Afghanistan won’t ban WhatsApp or Telegram after all

Mallory Locklear

Last week, reports circulated that the government of Afghanistan was aiming to enact a ban on popular encrypted messaging apps WhatsApp and Telegram. The Ministry of Communications and Information Technology sent letters to private telecommunications companies asking them to disable the apps, and copies of those letters quickly began making the rounds on social media. That caused a hefty amount of pushback from the public and spurred some to question the stability of citizens' freedom of expression. However, as Reuters reports, the Afghan government has now stated that there will not be a ban on either messaging service.

Both the chief executive of Afghanistan and his deputy spokesperson tweeted that neither WhatsApp nor Telegram will be banned following a meeting between Chief Executive Abdullah Abdullah and President Ashraf Ghani.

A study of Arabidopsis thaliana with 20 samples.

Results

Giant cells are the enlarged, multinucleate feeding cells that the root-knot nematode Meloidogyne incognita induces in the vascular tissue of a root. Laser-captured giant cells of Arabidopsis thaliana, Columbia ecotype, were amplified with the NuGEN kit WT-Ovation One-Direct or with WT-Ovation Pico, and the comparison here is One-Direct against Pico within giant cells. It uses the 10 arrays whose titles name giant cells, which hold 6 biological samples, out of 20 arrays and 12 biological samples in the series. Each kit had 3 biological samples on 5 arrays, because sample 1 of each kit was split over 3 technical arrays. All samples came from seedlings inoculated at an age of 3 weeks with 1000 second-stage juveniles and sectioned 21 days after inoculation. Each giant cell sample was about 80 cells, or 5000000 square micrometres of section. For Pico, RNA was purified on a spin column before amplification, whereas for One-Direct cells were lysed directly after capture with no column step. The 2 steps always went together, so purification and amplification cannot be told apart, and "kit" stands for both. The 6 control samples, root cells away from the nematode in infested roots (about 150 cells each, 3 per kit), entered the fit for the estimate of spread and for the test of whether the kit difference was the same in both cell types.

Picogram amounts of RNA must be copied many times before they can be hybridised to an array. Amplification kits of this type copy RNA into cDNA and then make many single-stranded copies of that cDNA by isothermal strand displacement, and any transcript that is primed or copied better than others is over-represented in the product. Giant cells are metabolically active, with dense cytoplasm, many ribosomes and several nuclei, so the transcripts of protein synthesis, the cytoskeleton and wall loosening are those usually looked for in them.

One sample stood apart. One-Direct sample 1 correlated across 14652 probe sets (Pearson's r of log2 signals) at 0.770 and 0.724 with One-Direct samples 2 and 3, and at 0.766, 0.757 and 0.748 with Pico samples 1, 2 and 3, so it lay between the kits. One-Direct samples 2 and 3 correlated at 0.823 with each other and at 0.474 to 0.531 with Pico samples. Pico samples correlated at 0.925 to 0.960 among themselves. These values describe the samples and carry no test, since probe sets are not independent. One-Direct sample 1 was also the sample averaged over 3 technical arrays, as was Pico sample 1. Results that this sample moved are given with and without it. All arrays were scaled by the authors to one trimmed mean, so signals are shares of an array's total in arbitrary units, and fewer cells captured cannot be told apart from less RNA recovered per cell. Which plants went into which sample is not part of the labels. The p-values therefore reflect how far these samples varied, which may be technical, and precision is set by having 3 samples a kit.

While the issue now appears to be resolved, it's still unclear which Afghan agencies wanted the ban in the first place. Though the Ministry of Communications and Information Technology sent the requests to the country's telecommunications companies, a source told the New York Times that the National Directorate of Security, Afghanistan's intelligence agency, was actually behind the move. And stated reasoning for the proposed temporary ban ranged from security concerns to the apps' service quality.

Regardless of who initiated the ban and why, many were quick to speak out about it. Nai, a free speech activist group based in Afghanistan, tweeted that the move was nothing short of tyranny.

Chief Executive Abdullah Abdullah

  • This article originally appeared on Engadget.